Anticoagulation and Pharmacotherapy
Anticoagulation medicines – also known as blood thinners – prevent or treat blood clots. Your doctor may prescribe them if you’ve had a heart attack or if you have an irregular heartbeat (arrhythmia), heart valve disease or another heart and vascular condition. When doctors use medicine to treat you – as opposed to other treatments like surgery or radiation therapy – it’s called pharmacotherapy. Anticoagulation therapy is a type of pharmacotherapy.
Anticoagulant medicines prevent blood clots from forming or growing larger in your blood vessels. They can be given in the form of a pill, an injection, or an infusion. Your doctor and pharmacist will guide you to the form is best for you.
At Providence, our doctors work closely with pharmacists to keep a close eye on your health and make sure you’re safe while taking blood thinners and other medicines. We’ll teach you about the medication you’re taking and its side effects as well as how diet, exercise and other lifestyle choices impact your health while you’re taking it.
To begin anticoagulation therapy, you’ll need a referral from your doctor. Most insurance plans cover all or part of lab testing and other services related to your treatment.
At each appointment, the pharmacist will take a small sample of blood from the tip of your finger to test your blood’s ability to clot. You’ll get results while you’re there. They also will make sure all your prescriptions are safe and effective and not interacting with each other or with foods in your diet in a harmful way.
The pharmacist will keep your doctor updated on your health, and they will work together to make any necessary changes to your treatment.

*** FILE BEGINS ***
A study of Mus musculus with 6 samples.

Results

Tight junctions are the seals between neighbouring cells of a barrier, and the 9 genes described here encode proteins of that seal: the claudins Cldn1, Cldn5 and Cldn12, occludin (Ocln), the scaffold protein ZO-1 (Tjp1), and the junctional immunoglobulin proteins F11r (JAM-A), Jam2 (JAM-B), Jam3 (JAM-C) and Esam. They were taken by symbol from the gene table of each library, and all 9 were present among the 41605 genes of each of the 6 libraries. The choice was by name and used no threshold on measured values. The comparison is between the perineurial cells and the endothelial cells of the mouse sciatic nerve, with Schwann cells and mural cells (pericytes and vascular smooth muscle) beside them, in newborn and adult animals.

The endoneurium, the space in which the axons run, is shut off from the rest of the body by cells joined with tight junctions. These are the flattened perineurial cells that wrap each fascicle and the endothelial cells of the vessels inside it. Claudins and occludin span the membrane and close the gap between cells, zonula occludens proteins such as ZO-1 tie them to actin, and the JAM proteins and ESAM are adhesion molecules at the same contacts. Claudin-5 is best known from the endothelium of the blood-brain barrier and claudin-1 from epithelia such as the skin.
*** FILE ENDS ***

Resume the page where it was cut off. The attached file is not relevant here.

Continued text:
If you need to take blood thinners for a long time, you may use an at-home monitoring device to test your blood. Your pharmacist will let you know if you qualify.
We understand that coming in regularly for appointments isn’t always convenient. At Providence, our goal is to make your visits as quick and easy as possible. We do everything we can to make it easier for you to stay healthy.
You might notice minor symptoms when you begin taking blood thinners, such as your gums bleeding when you brush your teeth or your skin bruising more easily. Your pharmacist will let you know about all potential side effects and will make sure you know when you should call your doctor.
Taking blood thinners can cause iron-deficiency anemia – when your blood doesn’t have enough oxygen-carrying red blood cells. Through regular blood tests, your pharmacist will check for anemia and work with your doctor to adjust your medicines to prevent or treat it. You’ll also learn about iron-rich foods and dietary changes that can help prevent anemia.
At Providence, we make sure you have the information and individual attention you need to stay healthy. Our pharmacists stay in close contact with your doctor and make adjustments to your medicines to keep you feeling good.